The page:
Monday, November 29, 2010

Access, Security, and Democracy

It is hard to imagine that the experience of the Copenhagen conference last year wasn't part of the reason why relatively inaccessible locations were chosen for this conference. While the Bella Center in Copenhagen was not downtown, the mass transit system is so efficient and interconnected in Denmark that security was constantly a concern for the Danish organizers and the UN. Marches in the streets were common and at one point, a group of self-described anarchists lay siege to the Bella Center and tried to break down the barricades. I would be surprised if there were marches in the streets of Cancun.

It has been nearly twenty years since I spend significant time in Mexico and even back then, it was not unusual to see police sitting in the backs of pickup trucks bristling with heavy arms. The checkpoints on the road and military presence surrounding the conference center is a whole other level of deterrent. Instead of the pedestrian-friendly mass transit culture of Scandanavia this years conference has been literally relocated to a gated resort community designed to limit access and keep people out. To protect those inside from whatever dangers and distractions, real or imagined, prowl beyond the walls.

Mexico itself has been having some unique security problems of their own lately, but I doubt that narco-gangs are the real reason behind these elaborate security measures. Which begs the question, who are they trying to keep out and what threats do they really pose?

For a conference organizer, protest marches or organized displays are surely a headache and pain in the tookus but they rarely escalate into anything resembling a riot or violent outburst. Even the anarchists causing so much trouble last year were less invested in the issue of climate change or mitigation than they were in simply disrupting a large scale event drawing tens of thousands of people and media outlets from around the world.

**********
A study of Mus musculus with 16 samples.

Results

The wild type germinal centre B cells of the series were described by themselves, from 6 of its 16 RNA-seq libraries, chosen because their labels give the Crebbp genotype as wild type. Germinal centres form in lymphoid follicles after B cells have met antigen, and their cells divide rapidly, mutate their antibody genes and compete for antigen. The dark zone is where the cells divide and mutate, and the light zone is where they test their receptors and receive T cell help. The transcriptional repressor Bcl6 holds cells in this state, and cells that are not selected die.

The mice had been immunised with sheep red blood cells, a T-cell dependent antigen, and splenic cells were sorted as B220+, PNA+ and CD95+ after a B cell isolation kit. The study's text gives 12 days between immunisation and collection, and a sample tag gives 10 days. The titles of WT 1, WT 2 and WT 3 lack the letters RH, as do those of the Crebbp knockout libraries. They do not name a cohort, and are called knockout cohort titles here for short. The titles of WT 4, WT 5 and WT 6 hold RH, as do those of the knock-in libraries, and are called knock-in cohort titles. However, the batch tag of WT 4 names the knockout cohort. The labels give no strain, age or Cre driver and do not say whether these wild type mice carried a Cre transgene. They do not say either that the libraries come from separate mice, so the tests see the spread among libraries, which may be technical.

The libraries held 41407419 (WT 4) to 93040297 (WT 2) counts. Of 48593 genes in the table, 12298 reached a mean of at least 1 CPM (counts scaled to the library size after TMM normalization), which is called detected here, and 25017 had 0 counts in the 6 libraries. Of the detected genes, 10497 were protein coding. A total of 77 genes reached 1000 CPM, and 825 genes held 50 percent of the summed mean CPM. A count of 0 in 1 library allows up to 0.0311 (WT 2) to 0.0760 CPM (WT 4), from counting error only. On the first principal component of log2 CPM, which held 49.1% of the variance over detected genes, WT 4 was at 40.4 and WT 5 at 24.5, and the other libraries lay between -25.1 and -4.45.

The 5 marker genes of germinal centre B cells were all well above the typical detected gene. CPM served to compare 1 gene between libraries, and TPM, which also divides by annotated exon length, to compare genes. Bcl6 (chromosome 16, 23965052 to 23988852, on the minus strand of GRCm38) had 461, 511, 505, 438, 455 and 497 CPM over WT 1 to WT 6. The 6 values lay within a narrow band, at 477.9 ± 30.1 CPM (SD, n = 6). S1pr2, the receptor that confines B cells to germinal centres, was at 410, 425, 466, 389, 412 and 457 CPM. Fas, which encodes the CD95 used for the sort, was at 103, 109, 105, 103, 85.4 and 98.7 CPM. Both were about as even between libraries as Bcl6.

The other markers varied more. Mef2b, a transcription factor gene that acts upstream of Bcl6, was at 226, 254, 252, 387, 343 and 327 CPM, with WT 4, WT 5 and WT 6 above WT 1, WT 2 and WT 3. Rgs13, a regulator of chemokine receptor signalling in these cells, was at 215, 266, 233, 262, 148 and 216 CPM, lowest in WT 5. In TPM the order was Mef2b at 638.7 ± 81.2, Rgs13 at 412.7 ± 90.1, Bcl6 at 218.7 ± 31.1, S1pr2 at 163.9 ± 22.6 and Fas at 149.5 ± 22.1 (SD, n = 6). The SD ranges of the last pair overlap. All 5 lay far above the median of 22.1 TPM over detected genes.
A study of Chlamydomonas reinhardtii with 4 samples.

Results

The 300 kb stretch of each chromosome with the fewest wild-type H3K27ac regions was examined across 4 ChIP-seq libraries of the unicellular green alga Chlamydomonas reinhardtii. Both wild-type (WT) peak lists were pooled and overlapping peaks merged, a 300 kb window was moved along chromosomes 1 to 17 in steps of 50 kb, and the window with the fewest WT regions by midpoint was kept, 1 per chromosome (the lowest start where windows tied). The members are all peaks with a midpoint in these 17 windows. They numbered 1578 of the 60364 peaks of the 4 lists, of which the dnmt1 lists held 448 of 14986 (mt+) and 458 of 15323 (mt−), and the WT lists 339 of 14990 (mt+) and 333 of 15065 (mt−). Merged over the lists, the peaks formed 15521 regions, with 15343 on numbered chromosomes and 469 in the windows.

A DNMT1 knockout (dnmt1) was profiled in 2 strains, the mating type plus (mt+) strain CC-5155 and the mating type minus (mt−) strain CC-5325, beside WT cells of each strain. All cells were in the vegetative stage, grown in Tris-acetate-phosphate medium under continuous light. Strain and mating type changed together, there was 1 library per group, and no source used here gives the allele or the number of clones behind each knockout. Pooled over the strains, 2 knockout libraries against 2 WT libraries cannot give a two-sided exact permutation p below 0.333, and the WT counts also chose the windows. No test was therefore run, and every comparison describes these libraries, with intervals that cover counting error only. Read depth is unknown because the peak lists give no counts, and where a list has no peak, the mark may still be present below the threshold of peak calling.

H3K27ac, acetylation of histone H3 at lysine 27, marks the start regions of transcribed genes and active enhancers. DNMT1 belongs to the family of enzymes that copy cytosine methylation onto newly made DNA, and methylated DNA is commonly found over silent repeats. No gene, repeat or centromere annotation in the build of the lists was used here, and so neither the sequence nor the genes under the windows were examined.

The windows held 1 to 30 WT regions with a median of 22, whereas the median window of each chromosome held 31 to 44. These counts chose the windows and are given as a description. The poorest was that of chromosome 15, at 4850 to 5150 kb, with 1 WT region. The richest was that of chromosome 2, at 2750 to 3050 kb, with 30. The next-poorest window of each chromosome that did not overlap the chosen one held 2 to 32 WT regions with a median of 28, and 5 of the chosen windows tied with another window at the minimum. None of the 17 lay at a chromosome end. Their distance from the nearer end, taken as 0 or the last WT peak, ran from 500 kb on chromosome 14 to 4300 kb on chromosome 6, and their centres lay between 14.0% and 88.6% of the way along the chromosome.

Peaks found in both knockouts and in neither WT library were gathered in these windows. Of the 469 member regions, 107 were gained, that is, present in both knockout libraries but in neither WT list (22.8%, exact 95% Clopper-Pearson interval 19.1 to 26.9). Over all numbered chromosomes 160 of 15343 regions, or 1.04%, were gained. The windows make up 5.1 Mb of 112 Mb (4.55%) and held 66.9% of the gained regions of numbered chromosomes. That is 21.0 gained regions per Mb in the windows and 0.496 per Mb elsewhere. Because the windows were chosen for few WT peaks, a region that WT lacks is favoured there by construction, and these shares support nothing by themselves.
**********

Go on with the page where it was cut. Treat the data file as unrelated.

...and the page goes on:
One possibility is that the gated community is less designed to keep out those that don't belong than it is to keep civil society at arms length. The fact that the negotiations/deliberations themselves are being held at a separate venue which is more restricted and difficult to get to than the main location of the conference effectively means that there will be less representation possible from members of civil society: non-governmental organizations, intergovernmental organizations, youth organizations, business and industry, researchers and the media. This follows the Copenhagen talks when the last week of the conference was marked by ever shrinking access to the Bella Center by members of civil society.

The United Nations was constructed as an open, democratic organization where voting members are nations but non-voting members (civil society) always have a seat at the table. It is this same ideal that lies at the heart of the brand of democracy people in the U.S. pride themselves in. In fact, one of the reasons why agreements are so incredibly difficult to reach in the United Nations is that it operates on the principle of consensus. Any voting party has the ability to delay or say no (which is an issue I'll take up in a later post).

I don't think the illustration of the U.S. and the UN are completely separate for as we have seen, the impulse to restrict access for expediency is a fundamental challenge to democratic principles whatever the institution. Making access to any meeting, conference, or debate a logistical puzzle has the effect of winnowing out those with the least resources to jump those logistical barriers. It is disingenuous to pretend otherwise. So just how democratic are our democratic institutions?

One of the most cited reasons for restricting access to (fill in the blank) is always the fear of insecurity - the threat from the outside. Whatever is prowling beyond the walls of our gated communities that has unkind intentions towards us, our families and our institutions. But to what extent do we allow security threats, real or imagined, to violate the principles and ideals that give governing institutions their authority?

No comments:

Post a Comment

Note: Only a member of this blog may post a comment.